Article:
After decades of making misleading ads for cigarettes, the tobacco industry’s court-ordered campaigns to correct the record about smoking risks have fallen short, according to a study published on Friday.
Researchers analyzed the reach of the court-ordered campaigns for the general population and at-risk groups like young adults and smokers. About 40% of the general population and 50% of smokers reported seeing the ads.
These campaigns began running on primetime TV and in major newspapers in November 2017 after years of court battles between the tobacco industry and the federal government. The mass media campaigns have ended, but the court-ordered campaigns continue on cigarette packages and tobacco company websites. The industry was ordered to pay for the ads because of the deceptive campaigns run by tobacco companies in the past.
Researchers compared the corrective campaigns’ reach to similar federal- and state-funded anti-smoking advertising pushes, specifically efforts from the Centers for Disease Control and Prevention and state health agencies in California and Massachusetts. The federal and state campaigns saw exposure rates of 80%, 88% and 69.5% among smokers, significantly higher than the court-ordered campaign.
Among at-risk groups like young adults, low-income and less educated adults, the court-ordered campaigns performed even worse. For each of those groups, only about a third reported exposure to the court-ordered ads.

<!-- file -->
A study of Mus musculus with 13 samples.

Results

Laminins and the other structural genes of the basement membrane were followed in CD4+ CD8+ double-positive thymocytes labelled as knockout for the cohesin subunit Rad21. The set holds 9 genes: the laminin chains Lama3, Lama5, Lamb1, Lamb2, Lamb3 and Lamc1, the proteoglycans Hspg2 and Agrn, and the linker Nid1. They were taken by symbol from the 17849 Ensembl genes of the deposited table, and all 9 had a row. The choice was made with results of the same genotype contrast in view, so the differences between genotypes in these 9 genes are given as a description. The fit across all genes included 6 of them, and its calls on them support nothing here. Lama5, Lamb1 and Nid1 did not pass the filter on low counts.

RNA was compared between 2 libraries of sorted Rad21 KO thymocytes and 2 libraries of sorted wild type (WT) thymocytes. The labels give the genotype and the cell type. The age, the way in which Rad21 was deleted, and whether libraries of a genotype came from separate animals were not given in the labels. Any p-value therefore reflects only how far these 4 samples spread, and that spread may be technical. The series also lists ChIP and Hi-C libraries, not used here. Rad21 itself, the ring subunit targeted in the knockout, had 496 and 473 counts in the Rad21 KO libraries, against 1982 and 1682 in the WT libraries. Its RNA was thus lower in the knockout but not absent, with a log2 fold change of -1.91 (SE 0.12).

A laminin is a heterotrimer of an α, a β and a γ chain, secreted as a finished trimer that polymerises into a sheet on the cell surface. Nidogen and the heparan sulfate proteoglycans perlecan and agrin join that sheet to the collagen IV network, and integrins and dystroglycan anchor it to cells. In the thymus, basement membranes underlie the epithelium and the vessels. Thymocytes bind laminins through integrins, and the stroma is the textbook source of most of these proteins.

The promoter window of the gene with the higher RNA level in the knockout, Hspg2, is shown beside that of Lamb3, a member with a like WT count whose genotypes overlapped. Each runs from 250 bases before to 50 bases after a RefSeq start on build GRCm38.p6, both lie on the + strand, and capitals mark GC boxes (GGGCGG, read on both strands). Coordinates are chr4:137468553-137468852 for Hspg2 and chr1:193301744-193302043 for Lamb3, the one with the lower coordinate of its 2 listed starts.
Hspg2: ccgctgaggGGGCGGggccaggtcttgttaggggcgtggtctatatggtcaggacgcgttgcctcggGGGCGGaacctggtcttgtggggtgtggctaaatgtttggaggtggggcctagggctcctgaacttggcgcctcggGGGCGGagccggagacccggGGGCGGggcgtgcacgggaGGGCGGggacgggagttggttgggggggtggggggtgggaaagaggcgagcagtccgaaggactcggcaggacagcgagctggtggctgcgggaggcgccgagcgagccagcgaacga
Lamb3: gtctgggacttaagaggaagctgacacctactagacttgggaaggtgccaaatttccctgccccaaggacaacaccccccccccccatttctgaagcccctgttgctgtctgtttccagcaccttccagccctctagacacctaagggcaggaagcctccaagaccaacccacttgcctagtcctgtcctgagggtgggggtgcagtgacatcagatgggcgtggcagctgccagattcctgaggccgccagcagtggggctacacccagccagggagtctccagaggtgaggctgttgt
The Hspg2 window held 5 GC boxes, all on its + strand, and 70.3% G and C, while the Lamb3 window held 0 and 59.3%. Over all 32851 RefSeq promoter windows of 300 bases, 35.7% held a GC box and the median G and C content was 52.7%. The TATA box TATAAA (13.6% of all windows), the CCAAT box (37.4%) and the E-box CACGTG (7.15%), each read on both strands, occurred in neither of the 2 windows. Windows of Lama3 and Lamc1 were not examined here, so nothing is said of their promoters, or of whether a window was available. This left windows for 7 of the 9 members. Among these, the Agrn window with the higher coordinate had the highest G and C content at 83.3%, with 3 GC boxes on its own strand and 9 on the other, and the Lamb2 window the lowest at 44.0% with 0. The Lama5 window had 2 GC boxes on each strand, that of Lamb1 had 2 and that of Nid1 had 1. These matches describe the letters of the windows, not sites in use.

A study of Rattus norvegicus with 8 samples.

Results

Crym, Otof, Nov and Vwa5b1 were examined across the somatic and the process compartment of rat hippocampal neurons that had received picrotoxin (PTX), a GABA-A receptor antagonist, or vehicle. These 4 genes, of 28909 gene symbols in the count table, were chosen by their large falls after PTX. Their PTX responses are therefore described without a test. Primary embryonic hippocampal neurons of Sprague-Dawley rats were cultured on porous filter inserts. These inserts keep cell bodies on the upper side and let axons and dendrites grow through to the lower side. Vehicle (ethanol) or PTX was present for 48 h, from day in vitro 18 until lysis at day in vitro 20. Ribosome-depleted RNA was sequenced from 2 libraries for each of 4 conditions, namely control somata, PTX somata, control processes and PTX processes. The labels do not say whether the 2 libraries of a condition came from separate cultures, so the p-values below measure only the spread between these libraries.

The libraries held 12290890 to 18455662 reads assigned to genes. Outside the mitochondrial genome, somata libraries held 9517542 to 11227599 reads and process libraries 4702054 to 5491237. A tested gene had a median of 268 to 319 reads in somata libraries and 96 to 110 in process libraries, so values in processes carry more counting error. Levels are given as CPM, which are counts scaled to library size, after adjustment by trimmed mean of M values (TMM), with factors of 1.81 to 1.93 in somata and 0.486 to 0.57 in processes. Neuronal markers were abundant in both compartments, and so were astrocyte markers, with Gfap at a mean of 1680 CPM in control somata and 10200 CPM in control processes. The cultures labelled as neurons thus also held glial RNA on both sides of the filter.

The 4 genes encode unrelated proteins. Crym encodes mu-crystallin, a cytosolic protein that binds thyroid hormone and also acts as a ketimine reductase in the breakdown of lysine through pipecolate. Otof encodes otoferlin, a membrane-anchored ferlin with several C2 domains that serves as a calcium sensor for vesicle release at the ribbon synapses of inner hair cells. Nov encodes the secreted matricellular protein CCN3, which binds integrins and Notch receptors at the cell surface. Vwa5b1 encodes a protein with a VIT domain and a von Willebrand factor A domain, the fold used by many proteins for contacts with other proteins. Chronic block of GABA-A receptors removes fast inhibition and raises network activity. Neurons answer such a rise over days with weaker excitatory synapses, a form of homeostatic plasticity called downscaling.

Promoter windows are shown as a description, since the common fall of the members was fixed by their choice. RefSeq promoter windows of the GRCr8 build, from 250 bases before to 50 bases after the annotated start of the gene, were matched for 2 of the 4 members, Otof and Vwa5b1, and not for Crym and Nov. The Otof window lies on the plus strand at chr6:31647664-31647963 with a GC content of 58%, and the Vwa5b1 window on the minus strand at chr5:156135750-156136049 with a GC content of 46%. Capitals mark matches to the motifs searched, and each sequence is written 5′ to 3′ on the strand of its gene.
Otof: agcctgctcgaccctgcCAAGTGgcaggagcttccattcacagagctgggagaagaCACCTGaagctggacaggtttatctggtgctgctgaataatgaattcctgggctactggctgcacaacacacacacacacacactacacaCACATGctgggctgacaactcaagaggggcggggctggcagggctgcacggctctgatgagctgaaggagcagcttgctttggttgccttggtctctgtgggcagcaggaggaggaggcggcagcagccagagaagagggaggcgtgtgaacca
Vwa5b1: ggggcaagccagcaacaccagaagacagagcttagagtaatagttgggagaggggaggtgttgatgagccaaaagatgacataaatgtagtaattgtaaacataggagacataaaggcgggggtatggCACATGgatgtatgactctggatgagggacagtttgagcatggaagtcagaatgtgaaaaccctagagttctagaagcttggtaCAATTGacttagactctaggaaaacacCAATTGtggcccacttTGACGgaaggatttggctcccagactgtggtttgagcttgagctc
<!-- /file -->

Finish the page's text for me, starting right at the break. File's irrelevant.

Thirty-seven percent of people between ages 18 and 34, 37% of low-income individuals and 34% of those with a high school education or less reported seeing the ads, compared to 40% of the general population. Researchers noted that these were the same audiences often targeted by the tobacco industry’s cigarette ads.
The study, published in JAMA, surveyed a nationally representative group of 3,484 U.S. adults, 15% of whom are smokers.
The researchers also looked into which campaign messages people were exposed to. The largest portion reported seeing multiple messages from the ads. The second-highest message was information about the health effects of smoking, followed by the health effects of secondhand smoke.
The court-ordered campaigns were directed to issue corrective statements about five areas: the negative health effects of smoking; the addictiveness of nicotine; that low-tar and light cigarettes had the same health risks; how cigarette design boosted nicotine delivery; and the health risks of secondhand smoke.
The study’s authors suggested that these findings could inform how the courts evaluate corrective campaigns. They also noted that the lack of exposure to the youngest age group, 18 to 34, could have been fixed if the campaign were required to run on youth-oriented platforms like social media.